Taking a cue from the consolidating banking industry, two regional payments associations have signed a definitive agreement to merge.
The organizations, American Clearing House Association of Phoenix and Rocky Mountain Automated Clearing House Association of Denver, cover neighboring regions under the umbrella of the National Automated Clearing House Association in Herndon, Va.
Officials said a merger would lessen their dependence on funding from larger dues-paying banks. Although each entity's membership level has remained constant in recent years, consolidation among banks can substantially shrink the membership pool and available financial support, potentially destabilizing operations.
"We want to increase our service levels and offerings, yet trying to maintain the same resource levels is very difficult considering the direction the industry is going," said Holly Merrill, president and chief executive officer of the American Clearing House Association.
Pending final approvals of the merger, "we can expand our service offerings into a larger geographic territory as well as reduce the dependency on the large members as those members start to merge with each other," she said.
The merged association -- its new name has not been determined -- would operate under a not-for-profit charter. The deal, which still requires final approval from each organization's board of directors and members, is slated to close Dec. 31.
Mergers have become common among regional payments associations, in both the automated clearing house and automated teller machine businesses. As the largest banks have gotten larger through mergers and extended their geographical coverage, their need to support multiple groups performing similar functions has diminished.
Among the ACH associations, Eastpay Inc. of Richmond, Va., resulted from the combination of three: the Virginias and North Carolina Automated Clearing Houses, which merged in 1996, and the addition of Payments Systems Network of Maitland, Fla., this year.
The pending merger in San Francisco of Bankers Clearing House, one of the oldest check clearing houses in the nation, and Western Payments Alliance, the California-based automated clearing house association, would create Servco.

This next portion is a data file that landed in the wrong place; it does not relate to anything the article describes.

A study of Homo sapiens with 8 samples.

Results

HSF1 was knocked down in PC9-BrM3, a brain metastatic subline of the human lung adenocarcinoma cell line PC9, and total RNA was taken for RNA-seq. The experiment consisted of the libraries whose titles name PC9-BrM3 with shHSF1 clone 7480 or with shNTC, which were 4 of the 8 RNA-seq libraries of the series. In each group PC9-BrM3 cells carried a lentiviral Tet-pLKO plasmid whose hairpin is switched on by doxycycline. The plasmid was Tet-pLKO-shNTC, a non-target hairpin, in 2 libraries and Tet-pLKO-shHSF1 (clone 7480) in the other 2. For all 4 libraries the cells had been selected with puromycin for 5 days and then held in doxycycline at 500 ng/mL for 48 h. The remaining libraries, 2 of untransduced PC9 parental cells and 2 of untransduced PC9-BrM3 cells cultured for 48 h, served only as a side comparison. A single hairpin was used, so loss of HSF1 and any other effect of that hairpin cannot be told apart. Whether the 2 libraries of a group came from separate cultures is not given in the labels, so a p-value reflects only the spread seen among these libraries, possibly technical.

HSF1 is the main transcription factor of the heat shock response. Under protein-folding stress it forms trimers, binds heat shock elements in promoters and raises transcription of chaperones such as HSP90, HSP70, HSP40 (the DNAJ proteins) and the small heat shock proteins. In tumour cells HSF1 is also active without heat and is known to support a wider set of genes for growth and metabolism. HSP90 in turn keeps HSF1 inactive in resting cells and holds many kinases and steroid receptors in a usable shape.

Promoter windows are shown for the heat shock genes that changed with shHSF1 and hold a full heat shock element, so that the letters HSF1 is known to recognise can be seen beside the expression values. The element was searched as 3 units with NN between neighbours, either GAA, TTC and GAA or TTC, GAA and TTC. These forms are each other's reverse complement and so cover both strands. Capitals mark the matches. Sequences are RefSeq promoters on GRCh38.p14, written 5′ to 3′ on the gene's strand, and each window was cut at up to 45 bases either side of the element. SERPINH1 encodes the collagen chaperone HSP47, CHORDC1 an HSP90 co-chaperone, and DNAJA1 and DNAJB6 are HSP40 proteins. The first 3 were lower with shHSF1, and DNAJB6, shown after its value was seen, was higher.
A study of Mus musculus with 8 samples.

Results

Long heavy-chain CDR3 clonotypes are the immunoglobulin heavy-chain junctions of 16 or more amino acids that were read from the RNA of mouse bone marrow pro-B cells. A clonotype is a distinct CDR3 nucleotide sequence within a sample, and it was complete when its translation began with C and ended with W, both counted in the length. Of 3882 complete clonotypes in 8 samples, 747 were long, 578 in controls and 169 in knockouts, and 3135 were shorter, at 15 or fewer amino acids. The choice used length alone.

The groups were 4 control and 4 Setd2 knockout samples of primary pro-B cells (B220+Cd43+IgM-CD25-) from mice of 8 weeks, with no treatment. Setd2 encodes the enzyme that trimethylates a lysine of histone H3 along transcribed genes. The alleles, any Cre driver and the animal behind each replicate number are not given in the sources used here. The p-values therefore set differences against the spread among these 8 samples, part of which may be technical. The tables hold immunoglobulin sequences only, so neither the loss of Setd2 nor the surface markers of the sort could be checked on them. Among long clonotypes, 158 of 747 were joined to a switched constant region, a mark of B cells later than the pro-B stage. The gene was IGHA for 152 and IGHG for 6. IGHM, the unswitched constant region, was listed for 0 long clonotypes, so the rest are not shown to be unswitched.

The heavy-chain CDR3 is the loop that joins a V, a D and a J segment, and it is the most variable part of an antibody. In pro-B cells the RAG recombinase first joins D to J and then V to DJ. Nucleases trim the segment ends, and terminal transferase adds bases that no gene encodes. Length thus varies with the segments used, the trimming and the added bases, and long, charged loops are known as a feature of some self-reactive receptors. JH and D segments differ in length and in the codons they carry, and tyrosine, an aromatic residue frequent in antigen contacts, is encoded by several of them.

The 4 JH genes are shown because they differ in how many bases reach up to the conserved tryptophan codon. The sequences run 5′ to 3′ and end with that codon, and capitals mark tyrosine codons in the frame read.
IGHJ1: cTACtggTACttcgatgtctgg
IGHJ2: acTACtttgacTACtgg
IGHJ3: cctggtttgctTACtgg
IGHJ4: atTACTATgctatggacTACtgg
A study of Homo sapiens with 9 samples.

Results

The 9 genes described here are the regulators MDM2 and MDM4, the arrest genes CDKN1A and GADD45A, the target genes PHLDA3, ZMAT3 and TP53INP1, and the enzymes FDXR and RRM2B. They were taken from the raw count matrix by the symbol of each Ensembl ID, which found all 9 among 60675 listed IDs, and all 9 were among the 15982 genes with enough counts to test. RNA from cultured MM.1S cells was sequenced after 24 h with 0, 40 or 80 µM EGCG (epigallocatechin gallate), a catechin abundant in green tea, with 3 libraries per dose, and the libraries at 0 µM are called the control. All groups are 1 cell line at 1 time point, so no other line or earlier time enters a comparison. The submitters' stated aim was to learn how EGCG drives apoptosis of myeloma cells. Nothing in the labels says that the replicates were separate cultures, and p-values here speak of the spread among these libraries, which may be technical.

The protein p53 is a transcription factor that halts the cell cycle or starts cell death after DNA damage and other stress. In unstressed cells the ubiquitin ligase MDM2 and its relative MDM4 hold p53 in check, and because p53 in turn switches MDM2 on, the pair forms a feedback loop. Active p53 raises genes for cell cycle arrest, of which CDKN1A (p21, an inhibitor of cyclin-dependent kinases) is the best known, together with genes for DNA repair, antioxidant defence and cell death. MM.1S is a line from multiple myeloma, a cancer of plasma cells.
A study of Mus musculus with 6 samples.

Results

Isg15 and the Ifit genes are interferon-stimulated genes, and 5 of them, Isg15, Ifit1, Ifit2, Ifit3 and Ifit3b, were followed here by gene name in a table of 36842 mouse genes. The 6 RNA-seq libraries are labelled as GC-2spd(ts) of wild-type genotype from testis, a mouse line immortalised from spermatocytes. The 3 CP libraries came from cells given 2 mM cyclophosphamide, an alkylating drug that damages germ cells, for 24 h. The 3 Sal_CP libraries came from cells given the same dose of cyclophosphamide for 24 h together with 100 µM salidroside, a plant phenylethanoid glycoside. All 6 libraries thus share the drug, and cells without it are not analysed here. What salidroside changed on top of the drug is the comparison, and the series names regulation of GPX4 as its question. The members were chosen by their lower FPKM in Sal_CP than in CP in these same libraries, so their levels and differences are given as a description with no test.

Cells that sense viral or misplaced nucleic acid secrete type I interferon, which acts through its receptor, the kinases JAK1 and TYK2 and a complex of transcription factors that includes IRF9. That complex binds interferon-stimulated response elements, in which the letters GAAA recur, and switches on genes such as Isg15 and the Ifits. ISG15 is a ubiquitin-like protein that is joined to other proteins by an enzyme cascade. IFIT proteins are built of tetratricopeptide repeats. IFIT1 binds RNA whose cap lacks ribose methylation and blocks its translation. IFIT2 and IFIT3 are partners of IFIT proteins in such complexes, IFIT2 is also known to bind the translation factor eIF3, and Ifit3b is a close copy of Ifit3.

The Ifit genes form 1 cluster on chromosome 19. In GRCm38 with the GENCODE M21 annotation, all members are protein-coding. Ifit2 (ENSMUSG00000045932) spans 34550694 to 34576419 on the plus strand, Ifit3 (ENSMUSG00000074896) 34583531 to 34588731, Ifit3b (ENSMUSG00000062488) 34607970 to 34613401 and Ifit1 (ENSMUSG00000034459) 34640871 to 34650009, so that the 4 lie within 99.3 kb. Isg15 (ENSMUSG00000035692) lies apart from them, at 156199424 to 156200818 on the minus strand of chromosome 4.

The National ACH Association, or Nacha, is an association of associations, and has therefore experienced its own membership decline. In 1988, Nacha was comprised of 31 regional and local ACH groups and 11 others owned by single banks. Including the latest merger announcement, those numbers would be reduced to 24 and 9, respectively.
Norman Robinson, president of Eastpay, said Nacha has responded to the consolidation trend by expanding into new areas. For instance, he said, it has turned its rules-making expertise to areas such as electronic benefits transfer, electronic checks, and digital certificates for Internet commerce.
"It is a trend that is unavoidable," Mr. Robinson said. "I think both Nacha and the regional associations need to prepare themselves for further losses of income and revenues."
American Clearing House Association, formerly the Arizona Clearing House, represents its 135 financial and corporate members in the rule-making process at the national level. It also clears and settles 33 million checks per month, and is one of three private-sector ACH operators that compete against the Federal Reserve System. The Rocky Mountain ACH Association, which has only two employees, provides educational and advocacy services to 245 member institutions in Colorado, northern New Mexico, and Wyoming.
Noting that the merging entities have only seven members in common, Jack Albrectson, executive director of the Rocky Mountain group, said the two associations offer complementary services. As a superregional body, it could provide enhanced services to members including payment-related services that go beyond the ACH system, he said.
"We have got a lot of new banks starting up in our region with many needs that we can meet," he added.